Ambitious plans by the Andrews Government to boost sales of zero emissions vehicles to 50 per cent of the market by 2030 have sparked a swift response from the Federal Chamber of Automotive Industries (FCAI).

Victoria will provide 20,000 subsidies of up to $3000 each to buyers of electric vehicles (EVs) under $69,000, as part of a $100 million plan to encourage take up of EVs.

This is the same Government that wants to charge 2.5 cent/km charge for electric and other zero-emission vehicles to use the road, including hydrogen vehicles, and a 2.0 cent/km for plug-in hybrid-electric vehicles — to make up got lost fuel excise tax.

FCAI has welcomed the incentives, but warns the Victorian Government not to lose sight of the real goal — that’s reducing CO2 emissions.

“Governments should focus on CO2 emissions targets rather than mandating specific technologies,” FCAI boss Tony Weber said.

“If governments set the targets, the carmakers will deliver the range of vehicles into the market that achieve environmental outcomes and meet the needs of Australian motorists.

“We have already come a long way and we believe these issues can be resolved.”

FCAI represents companies that distribute new passenger vehicles, light commercial vehicles, motorcycles and all-terrain vehicles in Australia.

With 68 brands offering 380 models, sold and serviced by almost 4000 dealers, Australia’s automotive sector is a large employer and contributor to the economy, lifestyle and communities big and small.

Mr Weber said the FCAI looked forward to developing more policy through the Victorian Government’s expert advisory panel, to ensure that achievable, practical and innovative long-term strategies are in place to meet long-term, shared objectives for CO2 emissions reduction.

“The actions taken by the Victorian Government highlighted that the Federal Government risked missing an opportunity to provide leadership and policy direction on the increased take-up of Zero and Low Emissions Vehicles (ZLEVs).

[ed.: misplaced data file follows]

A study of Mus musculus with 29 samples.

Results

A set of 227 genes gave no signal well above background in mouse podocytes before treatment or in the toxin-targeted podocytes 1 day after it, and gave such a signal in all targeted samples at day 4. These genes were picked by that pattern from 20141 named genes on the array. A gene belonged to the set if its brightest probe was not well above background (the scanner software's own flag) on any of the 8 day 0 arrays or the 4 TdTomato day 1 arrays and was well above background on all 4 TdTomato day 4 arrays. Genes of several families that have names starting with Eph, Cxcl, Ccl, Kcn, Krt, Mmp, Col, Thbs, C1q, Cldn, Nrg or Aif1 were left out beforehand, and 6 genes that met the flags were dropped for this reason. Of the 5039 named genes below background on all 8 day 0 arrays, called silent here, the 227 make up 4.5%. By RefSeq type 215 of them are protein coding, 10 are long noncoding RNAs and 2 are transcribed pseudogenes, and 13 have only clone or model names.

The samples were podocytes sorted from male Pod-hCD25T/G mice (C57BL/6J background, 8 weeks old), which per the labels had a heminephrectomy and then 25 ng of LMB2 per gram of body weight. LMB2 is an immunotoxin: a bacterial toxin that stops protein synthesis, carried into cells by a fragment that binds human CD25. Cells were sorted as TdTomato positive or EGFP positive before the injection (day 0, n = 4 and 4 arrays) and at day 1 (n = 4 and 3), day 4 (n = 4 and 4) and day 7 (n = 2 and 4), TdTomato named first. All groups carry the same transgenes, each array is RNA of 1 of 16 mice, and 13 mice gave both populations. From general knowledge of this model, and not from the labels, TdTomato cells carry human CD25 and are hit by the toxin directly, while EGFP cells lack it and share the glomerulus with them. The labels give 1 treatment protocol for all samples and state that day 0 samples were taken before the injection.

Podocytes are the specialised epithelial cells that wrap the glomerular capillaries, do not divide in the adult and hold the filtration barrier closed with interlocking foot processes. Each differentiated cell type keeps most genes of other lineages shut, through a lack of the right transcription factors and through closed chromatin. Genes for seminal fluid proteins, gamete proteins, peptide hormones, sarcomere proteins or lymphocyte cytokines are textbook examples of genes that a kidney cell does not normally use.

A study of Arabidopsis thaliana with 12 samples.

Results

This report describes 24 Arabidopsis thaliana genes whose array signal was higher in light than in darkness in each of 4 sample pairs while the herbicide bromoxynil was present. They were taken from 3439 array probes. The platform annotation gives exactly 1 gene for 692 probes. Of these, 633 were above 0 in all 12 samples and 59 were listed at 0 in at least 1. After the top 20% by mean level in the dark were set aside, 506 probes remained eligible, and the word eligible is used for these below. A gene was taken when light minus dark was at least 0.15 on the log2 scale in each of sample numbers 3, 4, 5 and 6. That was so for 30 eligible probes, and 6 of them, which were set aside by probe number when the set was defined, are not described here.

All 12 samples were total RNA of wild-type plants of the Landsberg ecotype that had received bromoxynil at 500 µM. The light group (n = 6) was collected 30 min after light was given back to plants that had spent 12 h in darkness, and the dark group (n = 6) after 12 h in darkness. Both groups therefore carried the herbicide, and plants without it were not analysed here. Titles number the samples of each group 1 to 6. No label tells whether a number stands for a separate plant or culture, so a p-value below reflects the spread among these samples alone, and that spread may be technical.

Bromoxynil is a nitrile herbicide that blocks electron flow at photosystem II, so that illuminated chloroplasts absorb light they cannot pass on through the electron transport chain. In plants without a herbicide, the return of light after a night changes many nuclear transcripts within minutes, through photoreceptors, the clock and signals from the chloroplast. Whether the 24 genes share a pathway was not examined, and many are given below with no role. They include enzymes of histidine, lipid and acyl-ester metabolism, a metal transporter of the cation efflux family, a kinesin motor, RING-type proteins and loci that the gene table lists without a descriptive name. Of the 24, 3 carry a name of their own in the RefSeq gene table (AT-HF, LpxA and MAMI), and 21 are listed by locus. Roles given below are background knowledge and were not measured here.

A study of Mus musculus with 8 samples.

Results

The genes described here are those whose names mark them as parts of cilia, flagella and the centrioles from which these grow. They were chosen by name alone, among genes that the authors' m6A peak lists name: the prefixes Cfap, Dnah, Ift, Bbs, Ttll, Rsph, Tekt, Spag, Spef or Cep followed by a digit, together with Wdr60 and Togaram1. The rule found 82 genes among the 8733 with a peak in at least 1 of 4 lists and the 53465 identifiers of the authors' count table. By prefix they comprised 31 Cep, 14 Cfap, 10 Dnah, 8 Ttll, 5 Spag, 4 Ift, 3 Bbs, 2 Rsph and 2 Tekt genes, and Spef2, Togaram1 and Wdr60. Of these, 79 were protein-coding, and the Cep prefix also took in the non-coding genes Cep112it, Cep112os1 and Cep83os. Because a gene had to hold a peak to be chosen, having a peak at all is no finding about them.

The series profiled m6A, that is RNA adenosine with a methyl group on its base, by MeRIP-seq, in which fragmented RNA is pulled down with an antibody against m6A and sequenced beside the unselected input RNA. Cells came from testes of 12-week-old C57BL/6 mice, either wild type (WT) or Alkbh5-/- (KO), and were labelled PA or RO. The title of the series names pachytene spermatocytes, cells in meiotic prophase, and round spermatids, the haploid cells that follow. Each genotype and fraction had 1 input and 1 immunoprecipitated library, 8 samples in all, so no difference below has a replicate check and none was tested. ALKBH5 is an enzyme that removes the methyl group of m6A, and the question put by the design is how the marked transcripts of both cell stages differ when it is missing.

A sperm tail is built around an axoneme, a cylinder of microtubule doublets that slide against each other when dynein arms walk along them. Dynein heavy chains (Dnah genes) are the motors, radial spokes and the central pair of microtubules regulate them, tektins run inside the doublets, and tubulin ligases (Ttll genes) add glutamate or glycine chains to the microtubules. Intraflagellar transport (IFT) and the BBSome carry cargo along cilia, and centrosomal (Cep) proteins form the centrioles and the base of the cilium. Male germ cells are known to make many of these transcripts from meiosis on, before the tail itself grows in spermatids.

“The FCAI has consistently advocated for a national approach to these issues that ideally would be Federally-led to avoid the prospect of individual State Governments introducing their own standards and incentive programs in support of ZLEVs.

“Consistency is the critical element for Australian customers. If other States introduce their own programs, they must align. Otherwise, the result will be another disjointed and chaotic system like the introduction of different rail gauges across the country.”

As part of the Government’s plans, the state will spend $19 million on new charging stations and another $10 million to add 400 vehicles to its fleet of EVs over the next two years.

Mr Weber said that the FCAI supported introduction of sensible and achievable CO2 emissions targets that allowed customers to choose the vehicles and technology they wanted to suit their personal and commercial needs.

He also noted the incentives announced by the Victorian Government specifically supporting electric vehicles.

“The incentives package for electric vehicles is consistent with actions being taken by governments across the world,” he said.

“However, it does bring into question the decision of the Victorian Government to also introduce legislation that targets a road user charge on electric and plug-in hybrid vehicles.

“Road user charging decisions should not be based around specific technologies and particularly those that are in their relative infancy in the Australian market.

“An efficient road user charging scheme can address all vehicle users regardless of the type of vehicle they drive, how often it is driven and the purpose of the travel.

“The FCAI will be keen to work with the Victorian and other governments to explore the benefits to the broad-based tax and vehicle charging reform,” Mr Weber said.


Chris Riley has been a journalist for almost 40 years. He has spent half of his career as a writer, editor and production editor in newspapers, the rest of the time driving and writing about cars both in print and online. His love affair with cars began as a teenager with the purchase of an old VW Beetle, followed by another Beetle and a string of other cars on which he has wasted too much time and money. A self-confessed geek, he’s not afraid to ask the hard questions - at the risk of sounding silly.